The NBA and National Basketball Players Association's conversations on eliminating the one-and-done entry rule have centered on lowering the minimum age requirement no sooner than the 2020 draft, league sources told ESPN.
NBA commissioner Adam Silver and NBPA executive director Michele Roberts have discussed scenarios to end the requirement for American players to wait one year after high school graduation to enter the NBA draft, but no formal agreement could be reached before the NBPA's executive committee, including president Chris Paul, gather for a meeting at the end of the NBA playoffs in June.
Silver and Roberts have both expressed a desire to change the rule, but it remains to be seen how the process of negotiating a rule change between the league and players will unfold.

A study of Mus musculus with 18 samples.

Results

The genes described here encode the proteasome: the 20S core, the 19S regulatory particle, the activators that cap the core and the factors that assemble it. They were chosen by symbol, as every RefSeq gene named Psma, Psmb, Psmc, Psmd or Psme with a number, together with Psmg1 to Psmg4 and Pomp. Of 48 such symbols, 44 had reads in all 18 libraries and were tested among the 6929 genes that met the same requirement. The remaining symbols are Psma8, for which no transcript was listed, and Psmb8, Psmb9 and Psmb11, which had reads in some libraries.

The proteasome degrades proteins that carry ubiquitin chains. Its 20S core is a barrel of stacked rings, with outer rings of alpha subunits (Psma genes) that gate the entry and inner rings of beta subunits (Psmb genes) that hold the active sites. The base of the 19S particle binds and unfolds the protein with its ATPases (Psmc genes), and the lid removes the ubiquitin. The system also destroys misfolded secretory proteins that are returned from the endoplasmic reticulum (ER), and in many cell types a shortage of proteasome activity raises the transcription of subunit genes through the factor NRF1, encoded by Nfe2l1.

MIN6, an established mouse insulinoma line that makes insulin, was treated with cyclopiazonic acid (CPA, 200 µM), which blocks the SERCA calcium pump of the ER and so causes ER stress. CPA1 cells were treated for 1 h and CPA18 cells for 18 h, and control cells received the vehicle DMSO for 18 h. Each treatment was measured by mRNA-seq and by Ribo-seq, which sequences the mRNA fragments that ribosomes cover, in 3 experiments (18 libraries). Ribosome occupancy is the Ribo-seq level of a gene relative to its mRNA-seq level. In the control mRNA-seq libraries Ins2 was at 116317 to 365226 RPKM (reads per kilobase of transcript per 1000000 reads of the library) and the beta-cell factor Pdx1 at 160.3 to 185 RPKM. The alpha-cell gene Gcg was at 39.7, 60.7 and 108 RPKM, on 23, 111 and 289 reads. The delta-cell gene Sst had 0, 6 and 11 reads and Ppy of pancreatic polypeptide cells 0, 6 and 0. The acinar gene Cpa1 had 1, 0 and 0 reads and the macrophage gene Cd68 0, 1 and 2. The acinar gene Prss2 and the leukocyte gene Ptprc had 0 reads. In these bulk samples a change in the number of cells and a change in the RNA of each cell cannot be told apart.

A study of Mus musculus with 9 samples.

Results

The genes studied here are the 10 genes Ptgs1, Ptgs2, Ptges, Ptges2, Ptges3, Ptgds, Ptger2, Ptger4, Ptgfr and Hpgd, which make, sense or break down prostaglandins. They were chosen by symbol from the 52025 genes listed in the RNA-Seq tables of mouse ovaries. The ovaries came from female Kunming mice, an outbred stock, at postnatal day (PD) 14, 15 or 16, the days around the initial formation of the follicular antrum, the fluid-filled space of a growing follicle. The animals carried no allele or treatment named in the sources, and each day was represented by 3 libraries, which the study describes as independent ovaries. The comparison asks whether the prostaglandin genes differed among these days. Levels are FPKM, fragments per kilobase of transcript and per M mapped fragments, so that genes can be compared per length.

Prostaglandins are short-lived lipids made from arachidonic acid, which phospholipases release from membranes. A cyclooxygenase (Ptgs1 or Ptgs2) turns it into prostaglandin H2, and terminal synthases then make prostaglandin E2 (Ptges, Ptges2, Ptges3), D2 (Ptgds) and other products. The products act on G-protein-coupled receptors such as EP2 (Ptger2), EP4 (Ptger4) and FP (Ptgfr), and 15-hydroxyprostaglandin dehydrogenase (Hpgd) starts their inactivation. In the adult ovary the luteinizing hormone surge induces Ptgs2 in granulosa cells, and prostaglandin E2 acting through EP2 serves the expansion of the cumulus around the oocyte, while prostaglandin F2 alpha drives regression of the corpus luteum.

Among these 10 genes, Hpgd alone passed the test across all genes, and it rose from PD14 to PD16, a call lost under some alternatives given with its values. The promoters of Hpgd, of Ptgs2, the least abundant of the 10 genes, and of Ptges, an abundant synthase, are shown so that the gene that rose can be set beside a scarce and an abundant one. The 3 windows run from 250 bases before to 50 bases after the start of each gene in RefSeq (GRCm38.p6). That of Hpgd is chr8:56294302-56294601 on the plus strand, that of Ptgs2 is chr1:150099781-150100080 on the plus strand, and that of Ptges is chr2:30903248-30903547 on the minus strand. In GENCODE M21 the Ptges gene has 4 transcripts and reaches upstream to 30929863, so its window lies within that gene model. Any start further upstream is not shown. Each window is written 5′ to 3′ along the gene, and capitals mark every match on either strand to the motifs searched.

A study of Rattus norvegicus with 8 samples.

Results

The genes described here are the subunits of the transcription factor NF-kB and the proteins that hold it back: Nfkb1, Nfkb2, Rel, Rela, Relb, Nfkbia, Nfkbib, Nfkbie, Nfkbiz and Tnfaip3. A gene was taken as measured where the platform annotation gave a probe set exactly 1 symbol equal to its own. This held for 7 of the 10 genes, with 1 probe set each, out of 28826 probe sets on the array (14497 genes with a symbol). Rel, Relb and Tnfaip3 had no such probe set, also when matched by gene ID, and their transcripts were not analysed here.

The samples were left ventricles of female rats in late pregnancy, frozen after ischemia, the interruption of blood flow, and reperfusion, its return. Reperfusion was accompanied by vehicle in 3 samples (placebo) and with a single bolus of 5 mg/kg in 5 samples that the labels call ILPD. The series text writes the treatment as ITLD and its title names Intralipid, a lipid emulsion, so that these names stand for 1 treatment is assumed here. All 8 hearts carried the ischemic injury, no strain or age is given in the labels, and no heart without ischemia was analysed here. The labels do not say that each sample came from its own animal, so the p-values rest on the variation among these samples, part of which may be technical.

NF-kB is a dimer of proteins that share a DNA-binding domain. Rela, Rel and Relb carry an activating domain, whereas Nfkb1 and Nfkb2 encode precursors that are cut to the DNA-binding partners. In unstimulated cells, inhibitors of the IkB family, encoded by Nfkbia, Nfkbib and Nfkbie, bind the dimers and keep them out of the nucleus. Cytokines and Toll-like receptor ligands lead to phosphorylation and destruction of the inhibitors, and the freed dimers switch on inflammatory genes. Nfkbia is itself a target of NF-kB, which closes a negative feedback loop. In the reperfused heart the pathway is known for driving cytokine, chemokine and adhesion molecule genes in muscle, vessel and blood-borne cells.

The NBA allows high school players to enter the G League without the wait. The Commission on College Basketball recommended Wednesday that the NBA and NBPA allow high school players to enter the draft, but college basketball has no ability to effect change on the issue. The NBA and NBPA must collectively bargain a change of the early entry rule.
The Commission on College Basketball made a recommendation to allow college players who declare for the NBA draft to retain their eligibility should they go unselected in the draft.
The NBA has a record 236 early-entry candidates for the 2018 NBA draft, which includes 181 NCAA and 81 international players. It is an increase of 30 percent over the 2017 draft. That rule change could benefit both the NBA and college basketball, because even the G League can't absorb such an influx of marginal pro prospects.